An artificial molecular machine that builds an asymmetric catalyst


Biomolecular machines perform types of complex molecular-level tasks that artificial molecular machines can aspire to. The ribosome, for example, translates information from the polymer track it traverses (messenger RNA) to the new polymer it constructs (a polypeptide)1. The sequence and number of codons read determines the sequence and number of building blocks incorporated into the biomachine-synthesized polymer. However, neither control of sequence2,3 nor the transfer of length information from one polymer to another (which to date has only been accomplished in man-made systems through template synthesis)4 is easily achieved in the synthesis of artificial macromolecules. Rotaxane-based molecular machines5,6,7 have been developed that successively add amino acids8,9,10 (including β-amino acids10) to a growing peptide chain by the action of a macrocycle moving along a mono-dispersed oligomeric track derivatized with amino-acid phenol esters. The threaded macrocycle picks up groups that block its path and links them through successive native chemical ligation reactions11 to form a peptide sequence corresponding to the order of the building blocks on the track. Here, we show that as an alternative to translating sequence information, a rotaxane molecular machine can transfer the narrow polydispersity of a leucine-ester-derivatized polystyrene chain synthesized by atom transfer radical polymerization12 to a molecular-machine-made homo-leucine oligomer. The resulting narrow-molecular-weight oligomer folds to an α-helical secondary structure13 that acts as an asymmetric catalyst for the Juliá–Colonna epoxidation14,15 of chalcones.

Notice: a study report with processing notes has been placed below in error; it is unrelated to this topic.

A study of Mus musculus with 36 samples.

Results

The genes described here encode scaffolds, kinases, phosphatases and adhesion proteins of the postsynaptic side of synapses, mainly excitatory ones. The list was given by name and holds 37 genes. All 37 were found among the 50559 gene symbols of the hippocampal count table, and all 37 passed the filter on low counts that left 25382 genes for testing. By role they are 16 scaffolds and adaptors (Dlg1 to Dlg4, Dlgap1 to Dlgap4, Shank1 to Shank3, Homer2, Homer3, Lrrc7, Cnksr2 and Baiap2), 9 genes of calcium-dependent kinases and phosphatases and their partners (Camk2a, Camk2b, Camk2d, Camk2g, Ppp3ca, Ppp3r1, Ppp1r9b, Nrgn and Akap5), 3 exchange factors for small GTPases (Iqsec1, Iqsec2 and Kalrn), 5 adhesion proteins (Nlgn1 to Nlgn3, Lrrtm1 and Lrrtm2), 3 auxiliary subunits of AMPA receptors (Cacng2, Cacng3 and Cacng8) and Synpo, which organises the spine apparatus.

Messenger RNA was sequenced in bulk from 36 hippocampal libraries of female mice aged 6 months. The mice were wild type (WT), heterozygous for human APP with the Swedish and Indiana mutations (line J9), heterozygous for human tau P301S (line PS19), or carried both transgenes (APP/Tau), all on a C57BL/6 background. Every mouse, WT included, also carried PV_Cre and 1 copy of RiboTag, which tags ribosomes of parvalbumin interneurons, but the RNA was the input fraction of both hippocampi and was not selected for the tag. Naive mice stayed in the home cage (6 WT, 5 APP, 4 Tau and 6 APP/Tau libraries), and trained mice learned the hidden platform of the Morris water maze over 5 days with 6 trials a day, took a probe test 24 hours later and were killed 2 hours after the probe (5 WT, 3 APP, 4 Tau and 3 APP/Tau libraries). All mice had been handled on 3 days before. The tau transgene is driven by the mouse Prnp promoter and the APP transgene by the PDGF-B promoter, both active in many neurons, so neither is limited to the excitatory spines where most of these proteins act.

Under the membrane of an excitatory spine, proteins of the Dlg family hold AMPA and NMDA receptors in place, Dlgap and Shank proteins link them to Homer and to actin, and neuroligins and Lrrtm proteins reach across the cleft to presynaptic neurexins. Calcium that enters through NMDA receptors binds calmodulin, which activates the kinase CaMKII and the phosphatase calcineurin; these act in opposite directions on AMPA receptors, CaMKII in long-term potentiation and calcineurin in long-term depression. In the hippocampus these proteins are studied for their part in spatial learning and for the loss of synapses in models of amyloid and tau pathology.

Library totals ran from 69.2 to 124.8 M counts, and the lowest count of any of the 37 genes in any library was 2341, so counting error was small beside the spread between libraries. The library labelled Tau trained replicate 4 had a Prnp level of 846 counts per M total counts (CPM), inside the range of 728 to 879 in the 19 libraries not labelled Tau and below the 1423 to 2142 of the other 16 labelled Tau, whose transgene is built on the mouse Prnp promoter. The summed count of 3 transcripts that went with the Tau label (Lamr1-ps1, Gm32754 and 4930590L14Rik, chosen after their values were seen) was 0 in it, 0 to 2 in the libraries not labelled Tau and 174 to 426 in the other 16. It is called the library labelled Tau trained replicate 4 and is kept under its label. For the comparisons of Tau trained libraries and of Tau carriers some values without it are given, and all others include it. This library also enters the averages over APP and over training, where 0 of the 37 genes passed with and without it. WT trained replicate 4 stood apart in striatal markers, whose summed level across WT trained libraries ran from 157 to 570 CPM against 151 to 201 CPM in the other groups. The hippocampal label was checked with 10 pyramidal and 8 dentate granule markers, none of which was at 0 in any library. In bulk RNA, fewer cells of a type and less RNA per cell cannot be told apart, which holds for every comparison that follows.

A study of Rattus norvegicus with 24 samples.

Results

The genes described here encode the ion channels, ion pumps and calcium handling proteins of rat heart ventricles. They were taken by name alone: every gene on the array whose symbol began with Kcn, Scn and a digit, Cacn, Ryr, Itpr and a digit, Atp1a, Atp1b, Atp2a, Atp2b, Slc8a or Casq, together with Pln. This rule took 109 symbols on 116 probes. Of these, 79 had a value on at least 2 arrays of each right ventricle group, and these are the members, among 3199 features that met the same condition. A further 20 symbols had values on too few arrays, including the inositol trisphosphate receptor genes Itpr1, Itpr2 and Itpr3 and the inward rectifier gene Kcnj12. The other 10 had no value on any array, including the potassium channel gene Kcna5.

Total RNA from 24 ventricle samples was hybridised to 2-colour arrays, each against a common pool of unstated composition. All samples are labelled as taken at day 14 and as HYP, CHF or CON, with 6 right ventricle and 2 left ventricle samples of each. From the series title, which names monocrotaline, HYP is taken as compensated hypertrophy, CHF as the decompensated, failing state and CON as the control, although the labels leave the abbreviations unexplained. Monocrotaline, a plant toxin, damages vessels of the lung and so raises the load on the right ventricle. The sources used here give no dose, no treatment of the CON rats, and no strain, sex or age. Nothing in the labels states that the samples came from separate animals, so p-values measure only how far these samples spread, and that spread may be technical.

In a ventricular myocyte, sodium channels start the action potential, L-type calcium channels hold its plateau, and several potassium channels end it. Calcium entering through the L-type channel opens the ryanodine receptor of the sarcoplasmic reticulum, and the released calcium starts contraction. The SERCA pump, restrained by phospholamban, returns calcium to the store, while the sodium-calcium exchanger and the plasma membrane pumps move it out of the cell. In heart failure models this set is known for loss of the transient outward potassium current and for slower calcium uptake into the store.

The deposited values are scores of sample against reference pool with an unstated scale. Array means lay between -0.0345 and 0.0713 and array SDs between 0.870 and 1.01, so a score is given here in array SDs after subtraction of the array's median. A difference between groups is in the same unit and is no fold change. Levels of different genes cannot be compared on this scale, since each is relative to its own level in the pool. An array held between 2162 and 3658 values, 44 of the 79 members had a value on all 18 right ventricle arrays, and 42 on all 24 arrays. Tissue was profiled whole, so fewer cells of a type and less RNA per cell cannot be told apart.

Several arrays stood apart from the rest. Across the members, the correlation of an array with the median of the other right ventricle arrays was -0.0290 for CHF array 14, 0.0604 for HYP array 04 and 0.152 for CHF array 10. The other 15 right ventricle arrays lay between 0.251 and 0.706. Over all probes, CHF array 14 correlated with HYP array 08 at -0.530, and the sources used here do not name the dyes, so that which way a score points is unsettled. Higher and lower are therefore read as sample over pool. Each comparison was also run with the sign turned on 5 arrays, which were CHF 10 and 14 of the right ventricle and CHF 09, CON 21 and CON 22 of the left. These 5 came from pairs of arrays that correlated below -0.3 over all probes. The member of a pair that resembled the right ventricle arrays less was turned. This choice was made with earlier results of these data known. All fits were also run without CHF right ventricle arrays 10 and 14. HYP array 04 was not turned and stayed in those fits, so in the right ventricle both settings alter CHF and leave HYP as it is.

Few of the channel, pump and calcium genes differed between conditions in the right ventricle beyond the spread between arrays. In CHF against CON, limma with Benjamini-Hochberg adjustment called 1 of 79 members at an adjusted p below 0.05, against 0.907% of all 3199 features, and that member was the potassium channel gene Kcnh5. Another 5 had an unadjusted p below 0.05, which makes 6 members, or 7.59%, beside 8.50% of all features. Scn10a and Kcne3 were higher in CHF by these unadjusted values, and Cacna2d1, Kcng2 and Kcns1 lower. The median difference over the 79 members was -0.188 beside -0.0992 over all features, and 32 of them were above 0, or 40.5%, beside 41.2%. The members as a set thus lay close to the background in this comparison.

Fig. 2: Assembly of molecular machine–track conjugate 1 by elongation of rotaxane 2 with polymer 3.
Fig. 3: Operation of machine–track conjugate 1.
Fig. 4: α-Helicity of operation product oligoleucines before (9) and after (12) post-operational modification and their asymmetric Juliá–Colonna epoxidation of furyl chalcone 13.